For an 18th consecutive season, the NBA Draft came and went Thursday night without the selection of a player from TCU. The ESPN telecast concluded with zero speculation about a potential Horned Frogs’ draftee.
Expect that to change in a big way next season, assuming guard Kenrich Williams and forward Vladimir Brodziansky continue along the upward spirals on their career arcs they showed while leading the Horned Frogs to an NIT championship in March.
Both players will be seniors, and returning starters, on a team that returns its top six scorers and its entire starting lineup. TCU also will add five newcomers to the roster in its second season under coach Jamie Dixon, which will begin with visions of building on last year’s 24-15 record.
TCU already has been projected into three sets of “Way Too Early” Top 25 rankings for next season by Yahoo Sports (No. 17), USA Today (No. 22) and Sports Illustrated (No. 24). Dixon and players talk openly about earning the school’s first NCAA Tournament berth since 1998 and making a run to the Sweet 16 and beyond.
If that type of success unfolds next season, expect Williams and Brodziansky to be deeply involved. Either, or both, could emerge as TCU’s first selection in an NBA draft since 1999, when Lee Nailon went to the Charlotte Hornets with the No. 43 pick.
At the very least, expect both players to be a significant part of 2018 draft discussions if Williams, a 6-foot-7 guard, and Brodziansky, a 6-11 forward, build on last year’s success. In playground parlance, when it comes to next year’s NBA draft, “TCU’s got next” after almost two decades of dormancy.
Williams, selected as the NIT’s most outstanding player, averaged 11.4 points per game and led the team in rebounds (9.7 avg.) and double-double performances (19) last season. Brodziansky, a second-team selection to the All-Big 12 squad, led the team in scoring (14.1 avg.) and blocked shots (82).
In summing up the season, Williams made it clear he envisioned the postseason run to an NIT title as a springboard to a breakthrough 2017-18 campaign for himself and the Horned Frogs.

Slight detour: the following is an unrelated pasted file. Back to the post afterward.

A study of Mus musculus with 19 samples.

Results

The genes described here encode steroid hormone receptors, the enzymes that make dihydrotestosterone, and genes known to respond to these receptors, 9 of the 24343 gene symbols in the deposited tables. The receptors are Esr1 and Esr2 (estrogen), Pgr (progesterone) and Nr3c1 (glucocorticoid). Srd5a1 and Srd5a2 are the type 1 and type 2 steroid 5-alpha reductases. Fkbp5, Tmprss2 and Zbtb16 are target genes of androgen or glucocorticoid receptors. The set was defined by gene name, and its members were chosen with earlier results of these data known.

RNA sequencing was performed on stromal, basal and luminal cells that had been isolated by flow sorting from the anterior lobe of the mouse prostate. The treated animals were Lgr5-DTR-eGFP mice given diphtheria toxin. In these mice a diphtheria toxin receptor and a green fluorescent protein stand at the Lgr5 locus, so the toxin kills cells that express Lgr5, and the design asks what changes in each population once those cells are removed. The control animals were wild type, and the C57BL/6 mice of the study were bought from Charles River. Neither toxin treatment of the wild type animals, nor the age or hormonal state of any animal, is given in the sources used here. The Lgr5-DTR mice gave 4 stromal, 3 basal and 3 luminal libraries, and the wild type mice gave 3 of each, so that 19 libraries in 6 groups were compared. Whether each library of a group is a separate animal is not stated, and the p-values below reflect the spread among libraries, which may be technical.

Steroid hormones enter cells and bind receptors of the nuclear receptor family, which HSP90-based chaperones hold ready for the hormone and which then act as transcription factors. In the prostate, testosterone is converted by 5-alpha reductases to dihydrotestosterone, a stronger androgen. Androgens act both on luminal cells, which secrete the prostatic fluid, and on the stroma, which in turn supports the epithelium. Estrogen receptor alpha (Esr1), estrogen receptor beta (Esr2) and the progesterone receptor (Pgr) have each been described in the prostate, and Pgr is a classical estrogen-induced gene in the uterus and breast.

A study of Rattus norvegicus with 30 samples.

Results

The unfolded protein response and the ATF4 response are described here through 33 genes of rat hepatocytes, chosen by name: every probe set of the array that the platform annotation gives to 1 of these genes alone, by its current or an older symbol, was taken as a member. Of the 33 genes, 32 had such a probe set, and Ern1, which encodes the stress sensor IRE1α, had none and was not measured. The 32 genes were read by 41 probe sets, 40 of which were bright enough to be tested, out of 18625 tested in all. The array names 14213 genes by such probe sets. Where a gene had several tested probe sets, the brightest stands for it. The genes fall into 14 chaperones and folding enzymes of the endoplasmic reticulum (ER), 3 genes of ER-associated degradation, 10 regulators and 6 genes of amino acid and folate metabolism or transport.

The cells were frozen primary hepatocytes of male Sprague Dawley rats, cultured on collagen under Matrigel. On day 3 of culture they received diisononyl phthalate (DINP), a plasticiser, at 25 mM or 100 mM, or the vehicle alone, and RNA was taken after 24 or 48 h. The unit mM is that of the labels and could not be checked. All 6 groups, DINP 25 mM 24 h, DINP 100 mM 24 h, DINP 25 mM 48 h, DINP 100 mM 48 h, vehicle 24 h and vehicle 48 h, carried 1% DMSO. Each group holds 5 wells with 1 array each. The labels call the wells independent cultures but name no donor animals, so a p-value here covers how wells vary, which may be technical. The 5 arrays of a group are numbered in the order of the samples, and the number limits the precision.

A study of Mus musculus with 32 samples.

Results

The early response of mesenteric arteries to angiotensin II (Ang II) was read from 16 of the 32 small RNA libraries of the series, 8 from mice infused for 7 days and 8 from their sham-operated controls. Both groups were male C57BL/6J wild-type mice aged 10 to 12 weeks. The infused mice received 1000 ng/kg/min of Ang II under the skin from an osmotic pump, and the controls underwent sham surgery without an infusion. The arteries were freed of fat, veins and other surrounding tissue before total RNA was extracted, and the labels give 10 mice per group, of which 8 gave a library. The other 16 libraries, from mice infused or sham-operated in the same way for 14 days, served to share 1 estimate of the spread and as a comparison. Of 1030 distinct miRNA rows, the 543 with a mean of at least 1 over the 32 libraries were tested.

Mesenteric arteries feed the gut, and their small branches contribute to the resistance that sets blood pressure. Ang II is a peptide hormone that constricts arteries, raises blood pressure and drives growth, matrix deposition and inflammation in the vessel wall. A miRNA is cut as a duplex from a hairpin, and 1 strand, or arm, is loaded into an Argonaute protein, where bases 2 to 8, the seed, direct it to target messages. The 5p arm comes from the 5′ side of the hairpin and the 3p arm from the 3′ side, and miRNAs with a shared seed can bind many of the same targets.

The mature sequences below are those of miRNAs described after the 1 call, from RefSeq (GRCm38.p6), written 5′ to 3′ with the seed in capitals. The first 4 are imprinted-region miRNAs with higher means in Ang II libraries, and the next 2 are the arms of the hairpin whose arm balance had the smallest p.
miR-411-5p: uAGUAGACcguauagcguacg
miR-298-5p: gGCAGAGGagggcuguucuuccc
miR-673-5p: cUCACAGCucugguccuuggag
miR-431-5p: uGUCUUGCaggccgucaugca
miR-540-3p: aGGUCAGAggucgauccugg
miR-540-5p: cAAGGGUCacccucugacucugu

“This is huge for us. I think people are starting to realize that our basketball team is on the map,” said Williams, who missed the 2015-16 season with a knee injury but capped last year by averaging 15.6 points, 12.0 rebounds and 5.0 assists during TCU’s five-game run to an NIT title. “It’s big because, coming into the season, they had us picked last in the Big 12.”
For next year’s Frogs, there will be heightened expectations. Depending on how the season unfolds, some of TCU’s underclassmen could have decisions to make about NBA futures next June. But there has been zero indication that either of the team’s prized freshmen from last season (guards Jaylen Fisher and Desmond Bane) is looking at anything beyond his sophomore season at this juncture.
Both players clearly have next-level potential at some point. Fisher, the highest-rated recruit in program history (No. 34 nationally by ESPN), averaged 9.9 points per game last season and led all Big 12 freshmen in assists (140). Bane averaged 7.1 points per game and was the lone player from a college in Texas invited to training camp for the USA Under-19 World Cup Team that will compete July 1-9 in Cairo, Egypt.
Although he was cut from the squad earlier this week, Bane said: “It was a great chance to see where I am against the top players in the country. By being selected to the training camp, I proved that I belong.”
TCU hopes to prove that it belongs as a permanent inclusion in next season’s Top 25 rankings and NCAA Tournament projections. The Frogs envision getting an early jump on next season with a proposed summer trip to Australia (in conjunction with the TCU women’s team) that tentatively is set for Aug. 5-16.
NCAA teams are allowed one overseas trip in a four-year cycle and the Frogs will be using theirs in advance of the most-anticipated men’s basketball season in decades. Dixon said his goal is to take the TCU program on deep runs in the NCAA Tournament on an annual basis, as he did during 11 of his 13 seasons at Pittsburgh.
One offshoot of such a run, if it occurs next March, projects to be more focus on TCU players during the 2018 NBA Draft. ESPN analyst Fran Fraschilla, a Dallas resident, envisions such attention becoming an annual occurrence under Dixon.
“This is a great launching pad for TCU basketball going forward,” Fraschilla said of the team’s NIT title. “It springboards them on to bigger and better things. This opportunity for those six (high-profile returnees), their workouts this summer and fall are going to be even more lively knowing what they’ve tasted this year.”
For Williams and Brodziansky, there’s also the chance to become the first TCU players in almost two decades to be selected during next June’s NBA Draft.